The European Values Study is a large-scale, cross-national, and longitudinal survey research program on basic human values. It provides insights into the ideas, beliefs, preferences, attitudes, values, and opinions of citizens all over Europe. It is a unique research project on how Europeans think about life, family, work, religion, politics, and society.
The European Values Study started in 1981 when a thousand citizens in the European Member States of that time were interviewed using standardized questionnaires. Every nine years, the survey is repeated in a variable number of countries. The fourth wave in 2008 covered no less than 47 European countries/regions, from Iceland to Georgia and from Portugal to Norway. In total, about 70,000 people in Europe are interviewed.
The data of the European Values Study are available free of charge. Rich academic literature has been created around the original and consecutive surveys, and numerous other works have made use of the findings: more than 2800 publications are listed in the EVS Bibliography.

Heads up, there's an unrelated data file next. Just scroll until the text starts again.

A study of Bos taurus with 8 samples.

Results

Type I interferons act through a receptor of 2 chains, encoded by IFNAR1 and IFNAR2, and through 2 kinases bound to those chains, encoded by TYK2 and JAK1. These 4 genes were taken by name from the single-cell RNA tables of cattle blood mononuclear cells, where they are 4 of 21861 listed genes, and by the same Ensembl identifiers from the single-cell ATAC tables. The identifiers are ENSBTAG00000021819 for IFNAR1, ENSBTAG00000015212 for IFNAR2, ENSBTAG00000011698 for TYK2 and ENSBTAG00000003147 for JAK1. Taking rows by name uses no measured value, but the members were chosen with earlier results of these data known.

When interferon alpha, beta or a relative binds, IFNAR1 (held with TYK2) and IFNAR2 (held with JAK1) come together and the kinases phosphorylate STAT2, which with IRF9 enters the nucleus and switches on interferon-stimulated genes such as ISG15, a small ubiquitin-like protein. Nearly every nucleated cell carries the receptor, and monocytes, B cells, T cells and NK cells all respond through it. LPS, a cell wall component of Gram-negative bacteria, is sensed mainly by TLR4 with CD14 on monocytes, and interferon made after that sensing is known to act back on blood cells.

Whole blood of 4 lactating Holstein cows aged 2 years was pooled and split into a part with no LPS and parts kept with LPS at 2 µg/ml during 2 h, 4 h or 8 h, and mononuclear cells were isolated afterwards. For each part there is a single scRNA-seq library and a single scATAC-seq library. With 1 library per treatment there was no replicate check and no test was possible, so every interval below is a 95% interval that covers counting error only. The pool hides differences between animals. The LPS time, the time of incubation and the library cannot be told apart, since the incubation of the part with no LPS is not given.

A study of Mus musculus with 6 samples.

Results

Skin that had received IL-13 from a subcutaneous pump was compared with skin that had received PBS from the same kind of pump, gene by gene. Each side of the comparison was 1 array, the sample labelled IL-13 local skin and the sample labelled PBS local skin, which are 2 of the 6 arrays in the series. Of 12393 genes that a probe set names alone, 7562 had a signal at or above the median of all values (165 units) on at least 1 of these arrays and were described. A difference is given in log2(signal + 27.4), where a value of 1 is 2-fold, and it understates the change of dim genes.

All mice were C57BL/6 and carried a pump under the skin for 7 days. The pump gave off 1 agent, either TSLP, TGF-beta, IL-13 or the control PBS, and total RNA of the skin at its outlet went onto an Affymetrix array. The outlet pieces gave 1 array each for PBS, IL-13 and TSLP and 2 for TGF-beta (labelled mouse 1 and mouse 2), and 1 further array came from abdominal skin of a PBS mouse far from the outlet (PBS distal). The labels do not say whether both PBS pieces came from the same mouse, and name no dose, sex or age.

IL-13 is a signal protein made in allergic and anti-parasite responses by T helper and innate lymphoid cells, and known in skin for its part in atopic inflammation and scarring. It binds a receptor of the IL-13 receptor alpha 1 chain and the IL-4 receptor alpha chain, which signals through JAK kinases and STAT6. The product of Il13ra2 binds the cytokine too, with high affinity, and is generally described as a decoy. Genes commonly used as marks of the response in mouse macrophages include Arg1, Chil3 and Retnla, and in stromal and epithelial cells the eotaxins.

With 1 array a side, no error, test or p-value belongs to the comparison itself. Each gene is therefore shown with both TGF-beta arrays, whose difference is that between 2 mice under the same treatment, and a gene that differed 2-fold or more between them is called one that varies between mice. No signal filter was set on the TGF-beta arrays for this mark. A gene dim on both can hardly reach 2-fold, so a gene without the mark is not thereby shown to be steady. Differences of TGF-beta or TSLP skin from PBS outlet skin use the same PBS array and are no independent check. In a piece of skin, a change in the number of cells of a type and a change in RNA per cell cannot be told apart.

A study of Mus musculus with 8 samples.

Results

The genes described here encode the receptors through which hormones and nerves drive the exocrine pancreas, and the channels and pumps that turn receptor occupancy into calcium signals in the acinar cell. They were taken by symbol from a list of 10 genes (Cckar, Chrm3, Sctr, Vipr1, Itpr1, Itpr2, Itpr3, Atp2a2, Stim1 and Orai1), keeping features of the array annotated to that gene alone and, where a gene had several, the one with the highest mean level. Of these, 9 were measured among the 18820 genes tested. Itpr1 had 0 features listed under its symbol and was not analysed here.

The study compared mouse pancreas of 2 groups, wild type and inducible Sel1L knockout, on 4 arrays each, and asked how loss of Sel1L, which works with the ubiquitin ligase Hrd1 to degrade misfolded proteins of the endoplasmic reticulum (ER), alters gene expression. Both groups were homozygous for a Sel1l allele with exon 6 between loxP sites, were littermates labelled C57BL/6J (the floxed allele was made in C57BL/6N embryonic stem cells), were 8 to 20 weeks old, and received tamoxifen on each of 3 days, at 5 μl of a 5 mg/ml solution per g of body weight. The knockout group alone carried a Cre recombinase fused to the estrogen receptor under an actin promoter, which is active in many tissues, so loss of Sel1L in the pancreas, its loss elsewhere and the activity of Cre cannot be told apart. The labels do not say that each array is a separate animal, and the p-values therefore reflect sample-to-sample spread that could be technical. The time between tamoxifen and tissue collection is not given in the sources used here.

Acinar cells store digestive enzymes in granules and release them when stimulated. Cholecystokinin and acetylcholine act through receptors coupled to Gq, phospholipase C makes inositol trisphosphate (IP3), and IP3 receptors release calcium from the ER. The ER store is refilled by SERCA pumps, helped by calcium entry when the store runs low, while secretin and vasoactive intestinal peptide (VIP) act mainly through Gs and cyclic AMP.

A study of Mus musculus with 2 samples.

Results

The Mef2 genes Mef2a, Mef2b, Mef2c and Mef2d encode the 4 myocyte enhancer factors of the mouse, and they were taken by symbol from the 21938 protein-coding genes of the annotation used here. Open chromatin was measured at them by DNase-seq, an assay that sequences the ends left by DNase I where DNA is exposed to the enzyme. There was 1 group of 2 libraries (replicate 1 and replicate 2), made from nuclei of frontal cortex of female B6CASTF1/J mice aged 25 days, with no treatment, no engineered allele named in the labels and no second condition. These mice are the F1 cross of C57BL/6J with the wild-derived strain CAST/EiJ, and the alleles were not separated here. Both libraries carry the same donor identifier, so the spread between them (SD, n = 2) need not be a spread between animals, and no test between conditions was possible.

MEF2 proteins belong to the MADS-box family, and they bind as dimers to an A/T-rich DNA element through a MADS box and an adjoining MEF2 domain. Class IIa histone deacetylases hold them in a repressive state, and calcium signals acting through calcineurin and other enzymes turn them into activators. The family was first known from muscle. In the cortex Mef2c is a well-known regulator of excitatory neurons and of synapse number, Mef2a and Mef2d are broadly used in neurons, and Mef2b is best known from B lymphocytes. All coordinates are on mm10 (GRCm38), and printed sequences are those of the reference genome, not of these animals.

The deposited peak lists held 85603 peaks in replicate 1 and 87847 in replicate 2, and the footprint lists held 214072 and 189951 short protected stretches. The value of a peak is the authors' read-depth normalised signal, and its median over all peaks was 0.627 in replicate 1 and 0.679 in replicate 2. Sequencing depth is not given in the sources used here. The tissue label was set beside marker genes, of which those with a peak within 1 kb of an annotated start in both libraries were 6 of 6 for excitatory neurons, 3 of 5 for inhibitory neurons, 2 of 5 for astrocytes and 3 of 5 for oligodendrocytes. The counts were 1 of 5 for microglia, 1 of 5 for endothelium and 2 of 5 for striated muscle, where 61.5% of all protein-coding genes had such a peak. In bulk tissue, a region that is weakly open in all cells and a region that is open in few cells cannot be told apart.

In-depth analyses of 1981, 1990, 1999, and 2008 findings of Western and Central Europe reinforced the impression that a profound transformation of modern culture is taking place, although not at the same speed in all countries. Cultural and social changes appear dependent upon the stage of socio-economic development and historical factors specific to a given nation. The new 2017 wave provides further insights into this matter, also allowing analyses of the impact of the economic crises on the Europeans’ values. For the 2017 wave, EVS is cooperating with WVS for data collection in Europe. The preparation is enriched through participation in the SERISS project.